Distinguished human rights lawyer will talk about the death penalty, drones and torture.
The distinguished human rights lawyer Clive Stafford Smith, whose campaigning work has resulted in the release of 69 Guantánamo prisoners, including Shaker Aamer, will deliver this year’s Annual Gates Cambridge Lecture.
Clive Stafford Smith’s lecture, “Death penalty, drones and torture”, will take place on the evening of 11 November.
He is the founder and Director of Reprieve and oversees Reprieve’s casework programme, as well as the direct representation of prisoners in Guantánamo Bay and on death row as a Louisiana-licensed attorney at law.
After graduating from Columbia Law School in New York, Clive spent nine years as a lawyer with the Southern Center for Human Rights working on death penalty cases and other civil rights issues. In 1993, Clive moved to New Orleans and launched the Louisiana Crisis Assistance Center, a non-profit law office specialising in representation of poor people in death penalty cases.
In total, Clive has represented over 300 prisoners facing the death penalty in the southern United States. While he only took on the cases of those who could not afford a lawyer – he has never been paid by a client – and always the most difficult cases, he prevented the death penalty in all but six cases and claims a 98% “victory” rate. Clive has taken five cases to the US Supreme Court and won all of them.
In 2001, when the US military base at Guantánamo Bay was set up, Clive joined two other lawyers to sue for access to the prisoners there. He believed that the camp was an affront to democracy and the rule of law. He received death threats and was labelled a “traitor” for defending “terrorists”. It was three years before the Supreme Court allowed lawyers into the prison camp. Meanwhile, Clive travelled the Middle East to find the families of the ‘disappeared’ prisoners and was taken into custody by the Jordanian secret police in 2004 as a result.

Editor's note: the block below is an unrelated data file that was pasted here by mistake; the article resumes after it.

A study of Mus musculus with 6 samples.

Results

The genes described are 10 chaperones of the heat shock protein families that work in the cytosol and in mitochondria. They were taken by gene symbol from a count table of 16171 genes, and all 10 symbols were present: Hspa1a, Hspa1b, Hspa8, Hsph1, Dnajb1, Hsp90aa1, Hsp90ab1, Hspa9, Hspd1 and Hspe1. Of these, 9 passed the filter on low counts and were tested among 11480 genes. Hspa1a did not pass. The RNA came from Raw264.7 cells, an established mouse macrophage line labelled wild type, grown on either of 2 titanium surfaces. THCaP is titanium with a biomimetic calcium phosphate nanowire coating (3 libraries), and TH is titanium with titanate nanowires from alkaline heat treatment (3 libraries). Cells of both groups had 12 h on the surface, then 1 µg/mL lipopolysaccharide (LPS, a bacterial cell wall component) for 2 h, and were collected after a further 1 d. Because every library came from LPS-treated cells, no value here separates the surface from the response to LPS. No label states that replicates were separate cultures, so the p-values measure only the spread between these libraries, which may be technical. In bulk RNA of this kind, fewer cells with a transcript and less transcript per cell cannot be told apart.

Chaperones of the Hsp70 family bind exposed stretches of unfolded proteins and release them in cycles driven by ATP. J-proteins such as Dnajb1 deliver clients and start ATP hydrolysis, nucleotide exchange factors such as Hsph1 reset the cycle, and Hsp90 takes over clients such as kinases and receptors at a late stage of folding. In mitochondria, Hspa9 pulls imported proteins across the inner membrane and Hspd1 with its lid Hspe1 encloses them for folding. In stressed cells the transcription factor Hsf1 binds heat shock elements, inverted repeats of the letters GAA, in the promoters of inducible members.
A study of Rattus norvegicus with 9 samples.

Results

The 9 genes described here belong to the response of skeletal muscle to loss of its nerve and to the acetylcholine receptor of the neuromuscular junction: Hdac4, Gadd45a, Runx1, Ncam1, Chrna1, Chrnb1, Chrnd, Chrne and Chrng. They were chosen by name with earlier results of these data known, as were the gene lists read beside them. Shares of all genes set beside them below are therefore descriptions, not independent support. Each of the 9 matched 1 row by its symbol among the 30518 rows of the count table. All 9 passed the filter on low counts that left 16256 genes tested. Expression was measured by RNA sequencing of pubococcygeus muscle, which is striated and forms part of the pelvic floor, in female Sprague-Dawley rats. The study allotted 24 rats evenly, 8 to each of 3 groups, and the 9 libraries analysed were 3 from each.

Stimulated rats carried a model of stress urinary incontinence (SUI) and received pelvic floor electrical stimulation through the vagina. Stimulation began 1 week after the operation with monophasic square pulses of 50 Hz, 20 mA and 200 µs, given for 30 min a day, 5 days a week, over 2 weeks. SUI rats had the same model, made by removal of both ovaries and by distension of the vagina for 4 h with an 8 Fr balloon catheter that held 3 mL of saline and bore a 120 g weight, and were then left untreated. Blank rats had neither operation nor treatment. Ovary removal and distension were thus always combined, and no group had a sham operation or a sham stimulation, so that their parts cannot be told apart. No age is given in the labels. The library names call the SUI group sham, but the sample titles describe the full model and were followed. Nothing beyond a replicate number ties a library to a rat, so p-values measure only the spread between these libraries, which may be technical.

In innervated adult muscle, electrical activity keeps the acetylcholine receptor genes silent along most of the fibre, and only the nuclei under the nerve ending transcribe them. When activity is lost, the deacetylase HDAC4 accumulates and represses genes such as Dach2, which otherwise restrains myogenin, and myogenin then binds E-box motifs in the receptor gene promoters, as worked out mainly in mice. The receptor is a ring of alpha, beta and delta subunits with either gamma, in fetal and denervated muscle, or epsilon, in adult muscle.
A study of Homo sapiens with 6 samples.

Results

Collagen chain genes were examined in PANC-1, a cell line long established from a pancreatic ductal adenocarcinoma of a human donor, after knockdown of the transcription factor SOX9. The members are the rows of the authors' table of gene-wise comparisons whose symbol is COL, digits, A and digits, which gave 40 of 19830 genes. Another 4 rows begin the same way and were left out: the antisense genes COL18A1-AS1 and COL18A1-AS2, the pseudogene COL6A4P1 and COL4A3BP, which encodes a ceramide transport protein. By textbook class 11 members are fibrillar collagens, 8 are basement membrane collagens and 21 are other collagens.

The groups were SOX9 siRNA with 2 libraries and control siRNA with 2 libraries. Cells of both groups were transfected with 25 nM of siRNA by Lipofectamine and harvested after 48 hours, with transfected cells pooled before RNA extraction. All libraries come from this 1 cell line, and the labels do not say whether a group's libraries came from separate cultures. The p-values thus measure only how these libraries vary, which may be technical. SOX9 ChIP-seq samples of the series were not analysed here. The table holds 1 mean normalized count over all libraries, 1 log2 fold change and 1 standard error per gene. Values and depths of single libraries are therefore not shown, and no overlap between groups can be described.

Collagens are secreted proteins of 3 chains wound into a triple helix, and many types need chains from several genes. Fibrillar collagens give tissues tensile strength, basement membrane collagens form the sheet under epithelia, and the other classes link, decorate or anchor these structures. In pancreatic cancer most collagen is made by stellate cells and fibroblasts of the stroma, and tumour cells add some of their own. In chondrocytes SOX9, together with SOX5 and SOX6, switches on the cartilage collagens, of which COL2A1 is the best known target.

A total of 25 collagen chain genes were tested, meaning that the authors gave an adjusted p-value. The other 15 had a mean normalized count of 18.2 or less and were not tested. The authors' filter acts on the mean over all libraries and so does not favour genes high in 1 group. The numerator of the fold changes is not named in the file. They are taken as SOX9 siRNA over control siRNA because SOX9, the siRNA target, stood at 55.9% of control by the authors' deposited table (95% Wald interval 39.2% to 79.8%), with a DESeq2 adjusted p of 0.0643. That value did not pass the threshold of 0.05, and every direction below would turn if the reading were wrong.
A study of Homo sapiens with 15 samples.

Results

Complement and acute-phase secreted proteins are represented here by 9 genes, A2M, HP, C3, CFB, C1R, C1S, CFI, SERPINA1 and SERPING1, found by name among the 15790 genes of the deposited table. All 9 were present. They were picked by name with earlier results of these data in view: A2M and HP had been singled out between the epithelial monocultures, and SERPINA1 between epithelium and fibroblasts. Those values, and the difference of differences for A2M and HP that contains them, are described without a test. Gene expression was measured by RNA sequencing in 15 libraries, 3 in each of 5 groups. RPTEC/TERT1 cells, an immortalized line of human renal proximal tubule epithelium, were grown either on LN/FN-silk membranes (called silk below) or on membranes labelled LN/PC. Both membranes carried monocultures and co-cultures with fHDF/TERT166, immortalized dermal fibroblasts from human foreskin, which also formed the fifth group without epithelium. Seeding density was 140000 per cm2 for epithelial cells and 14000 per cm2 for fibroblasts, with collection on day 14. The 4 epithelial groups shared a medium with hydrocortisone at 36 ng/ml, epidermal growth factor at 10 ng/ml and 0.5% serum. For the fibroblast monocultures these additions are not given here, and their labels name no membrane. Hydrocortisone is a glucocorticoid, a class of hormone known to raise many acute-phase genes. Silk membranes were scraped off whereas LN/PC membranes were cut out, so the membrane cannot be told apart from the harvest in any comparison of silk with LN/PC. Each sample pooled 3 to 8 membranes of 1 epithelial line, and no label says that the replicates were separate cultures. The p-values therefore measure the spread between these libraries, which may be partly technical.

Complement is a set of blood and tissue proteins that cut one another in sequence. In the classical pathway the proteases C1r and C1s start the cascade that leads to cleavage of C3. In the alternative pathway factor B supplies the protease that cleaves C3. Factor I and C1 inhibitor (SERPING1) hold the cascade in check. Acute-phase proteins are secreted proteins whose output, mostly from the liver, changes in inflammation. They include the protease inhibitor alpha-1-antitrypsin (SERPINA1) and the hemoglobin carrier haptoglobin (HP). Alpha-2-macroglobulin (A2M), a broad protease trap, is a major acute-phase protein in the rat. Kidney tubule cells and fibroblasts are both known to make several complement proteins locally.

To date, Clive has helped secure the release of 69 prisoners from Guantánamo Bay. This includes every British prisoner. He still acts for eight more prisoners. More recently, Clive has turned a strategic eye to the other secret detention sites, including Bagram in Afghanistan and the British island of Diego Garcia.
Clive has received many awards and honours for his campaigning work. In 2000 he was awarded an OBE for ‘humanitarian services’. He was a Soros Senior Fellow, Rowntree Visionary (2005) and Echoing Green Fellow (2005). In addition, he received a Lifetime Achievement Award from The Lawyer Magazine (2003) and The Law Society, the Benjamin Smith Award from the ACLU of Louisiana (2003), the Gandhi Peace Award (2004), a Lannan Foundation Cultural Freedom Award (2008), International Freedom of the Press Award (2009), Unione Nazionale Cronisti Italiani (for the defence of Sami el Haj) and the International Bar Association’s Human Rights Award (2010). Alongside these, Clive was ranked 6th on the 2009 list of Britain’s Most Powerful Lawyers (The Times, July 2009) and ranked 3rd on 2009 “High Profile” British lawyer list (The Lawyer, September 2009).
*The Lecture will run from 6–7pm on 11 November 2015 and will be followed by a drinks reception until 8pm. It will take place at the David Li Kwok Po lecture theatre, Faculty of Law, 10 West Road. The lecture is open to all and seats will be available on a first come first served basis. For more information, email firstname.lastname@example.org. Picture credit: iStock.